Natya Manjari
- Ryan Nathan

April 13, 2018

Jayendra Kalakendra presented its next generation of dancers and choreographers on March 18th at Cubberly Theatre, Palo Alto, CA. These youngsters thrive under the artistic direction of Suganda Sreenath Iyer and principal dancer Shreya Iyer. Jayendra Kalakendra, a San Jose based classical dance school, chose to donate its proceeds to two evergreen non-profit organizations - Community Seva and Mithil Prasad Foundation.

The evening started with the traditional Mallari piece in Gambeera Nattai with Alarippu in sankeernam tala, with exquisite choreography for these two pieces which is not too often seen in the Bay Area performance circle. The coordination of jathis and patterns was impressive. Shreya Iyer performed Shivastakam (an ode to Lord Shiva) with various sculpturesque poses presented with supple movements. Her anghasudham exhibited the training received under her mother Suganda Sreenath and the eminent dance gurus The Dhananjayans. Senior students' overall level of proficiency was tested by Dasavataram (the ten incarnations of Lord Vishnu). Poet Jayadeva brings about the essence of this poem in Madhura Bhakti as liturgized in the Bhagavatham and Narada Bhakti Sutras. This was a polished performance, an excellent primer for those unfamiliar with this asthapadi, thanks to the helpful narration.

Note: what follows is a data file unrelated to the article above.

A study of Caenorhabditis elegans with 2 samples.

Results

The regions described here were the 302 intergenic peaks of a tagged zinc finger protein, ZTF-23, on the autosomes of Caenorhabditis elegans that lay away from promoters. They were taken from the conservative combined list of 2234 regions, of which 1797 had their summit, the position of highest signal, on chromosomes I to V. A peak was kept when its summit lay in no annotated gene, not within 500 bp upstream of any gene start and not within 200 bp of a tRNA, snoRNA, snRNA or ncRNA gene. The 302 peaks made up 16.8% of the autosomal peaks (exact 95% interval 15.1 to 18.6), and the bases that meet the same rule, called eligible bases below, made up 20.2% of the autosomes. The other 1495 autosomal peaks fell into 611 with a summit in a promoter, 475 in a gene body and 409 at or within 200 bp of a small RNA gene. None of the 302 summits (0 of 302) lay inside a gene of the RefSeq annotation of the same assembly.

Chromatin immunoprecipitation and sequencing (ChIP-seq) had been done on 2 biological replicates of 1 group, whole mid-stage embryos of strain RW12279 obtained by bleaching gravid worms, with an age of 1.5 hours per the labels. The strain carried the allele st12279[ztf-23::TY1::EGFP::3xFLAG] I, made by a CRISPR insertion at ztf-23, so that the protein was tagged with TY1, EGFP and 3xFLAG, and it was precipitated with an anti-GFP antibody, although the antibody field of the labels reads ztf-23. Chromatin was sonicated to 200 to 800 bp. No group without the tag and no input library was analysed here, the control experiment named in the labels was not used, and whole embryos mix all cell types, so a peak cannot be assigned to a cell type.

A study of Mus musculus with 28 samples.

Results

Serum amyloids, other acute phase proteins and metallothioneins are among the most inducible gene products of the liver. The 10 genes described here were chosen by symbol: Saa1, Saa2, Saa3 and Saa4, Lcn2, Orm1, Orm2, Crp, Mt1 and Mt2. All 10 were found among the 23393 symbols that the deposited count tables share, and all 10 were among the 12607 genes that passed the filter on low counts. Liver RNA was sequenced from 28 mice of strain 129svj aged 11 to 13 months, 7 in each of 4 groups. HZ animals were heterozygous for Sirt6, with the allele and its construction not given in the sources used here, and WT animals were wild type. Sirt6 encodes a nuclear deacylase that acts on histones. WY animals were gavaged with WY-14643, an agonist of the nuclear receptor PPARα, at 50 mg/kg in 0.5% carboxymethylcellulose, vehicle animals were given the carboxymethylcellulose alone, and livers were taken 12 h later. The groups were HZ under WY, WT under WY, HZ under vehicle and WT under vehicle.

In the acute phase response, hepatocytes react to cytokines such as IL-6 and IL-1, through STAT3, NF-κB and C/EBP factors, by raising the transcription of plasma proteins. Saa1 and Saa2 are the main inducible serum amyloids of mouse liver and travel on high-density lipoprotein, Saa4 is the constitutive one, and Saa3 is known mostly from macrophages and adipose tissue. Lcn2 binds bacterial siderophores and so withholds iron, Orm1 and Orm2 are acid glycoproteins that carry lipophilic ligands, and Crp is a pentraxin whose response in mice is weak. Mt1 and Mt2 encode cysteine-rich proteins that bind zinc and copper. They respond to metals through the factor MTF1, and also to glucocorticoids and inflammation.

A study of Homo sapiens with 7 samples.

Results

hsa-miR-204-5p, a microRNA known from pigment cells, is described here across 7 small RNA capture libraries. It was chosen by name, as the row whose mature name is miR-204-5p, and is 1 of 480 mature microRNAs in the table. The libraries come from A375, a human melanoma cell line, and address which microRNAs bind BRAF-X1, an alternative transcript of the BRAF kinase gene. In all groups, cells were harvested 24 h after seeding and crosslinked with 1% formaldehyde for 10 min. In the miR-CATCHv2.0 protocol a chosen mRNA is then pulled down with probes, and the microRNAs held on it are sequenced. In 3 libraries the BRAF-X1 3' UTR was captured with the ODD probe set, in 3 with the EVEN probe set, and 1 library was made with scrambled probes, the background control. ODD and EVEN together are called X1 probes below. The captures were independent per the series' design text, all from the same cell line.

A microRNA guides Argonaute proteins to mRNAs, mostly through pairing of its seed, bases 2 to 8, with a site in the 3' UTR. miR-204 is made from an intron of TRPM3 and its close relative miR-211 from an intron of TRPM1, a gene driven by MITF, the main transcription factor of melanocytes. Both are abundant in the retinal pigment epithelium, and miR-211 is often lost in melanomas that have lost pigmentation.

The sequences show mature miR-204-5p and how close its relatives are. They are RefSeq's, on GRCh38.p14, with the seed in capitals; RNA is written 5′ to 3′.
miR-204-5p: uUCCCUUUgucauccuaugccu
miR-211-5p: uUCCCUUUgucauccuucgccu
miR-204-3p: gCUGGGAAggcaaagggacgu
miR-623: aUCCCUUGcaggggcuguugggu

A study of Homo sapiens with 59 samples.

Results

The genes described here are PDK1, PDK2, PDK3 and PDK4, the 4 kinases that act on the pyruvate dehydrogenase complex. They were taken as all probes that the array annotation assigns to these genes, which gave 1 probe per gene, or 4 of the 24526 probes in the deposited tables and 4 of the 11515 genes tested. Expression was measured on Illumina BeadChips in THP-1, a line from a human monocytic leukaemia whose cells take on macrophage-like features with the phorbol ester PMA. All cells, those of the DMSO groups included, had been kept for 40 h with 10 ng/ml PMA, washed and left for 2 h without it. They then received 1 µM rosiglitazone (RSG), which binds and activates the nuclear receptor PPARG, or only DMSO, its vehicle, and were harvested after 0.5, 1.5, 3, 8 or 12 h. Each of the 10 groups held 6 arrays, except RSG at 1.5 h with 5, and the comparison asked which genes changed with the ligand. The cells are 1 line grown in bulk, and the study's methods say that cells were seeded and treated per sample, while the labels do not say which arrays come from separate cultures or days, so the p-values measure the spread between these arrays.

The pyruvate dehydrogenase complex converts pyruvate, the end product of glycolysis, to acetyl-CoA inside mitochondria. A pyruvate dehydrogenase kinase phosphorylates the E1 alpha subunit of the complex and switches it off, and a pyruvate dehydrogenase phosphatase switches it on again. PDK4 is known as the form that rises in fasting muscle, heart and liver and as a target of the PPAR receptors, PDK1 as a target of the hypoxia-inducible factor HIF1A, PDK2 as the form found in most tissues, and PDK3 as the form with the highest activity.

The keerthanam Yen Palli Kondeer Ayya, composed by Arunchala Kavirayar, was an ode to Lord Ranganatha (Ragamalika, adi) in which the devotee asks whether Lord Ranganatha was resting after his ordeals in the Krishnavatar and Ramaavatar depicting the selfless truth of bhakti and devotion by the devotee. An intense abhinaya item, it was carefully executed without any lag.

The program featured two bhajan style renditions, principal being the Meera Bhajan by Shreya, an epic tale of love and devotion to Krishna himself in bhakti shringara with emphasized abhinaya through gesture, expression and dhristi bedas. Following Meera Bhajan was Vaishnava jana tho, a 15th century hymn demarking equality and propagating universal message of "Sarva Dharma Samanvayam", where aptly the senior dancers drew attention to the universal religion to practice universal peace and brotherhood. The evening concluded with Kadanakuthuhalam Thillana, an original score of late Dr. M Balamurali Krishna and choreography by the Dhananjayans. Dancers executed nritta with perfection and ended with a sahitya on Krishna, where dancers depicted the Supreme revealing his true self when Arjuna, the shishya, is ready and surrenders himself to the supreme intellect. To expand on the lyrics, the dancers did a crisp recap of the Srimad Bhagavatham.

Overall the evening performance deserved accolades for timing, coordination and execution - a job well done and a real treat for Bay Area dance enthusiasts.

Ryan Nathan is a dancer and art lover.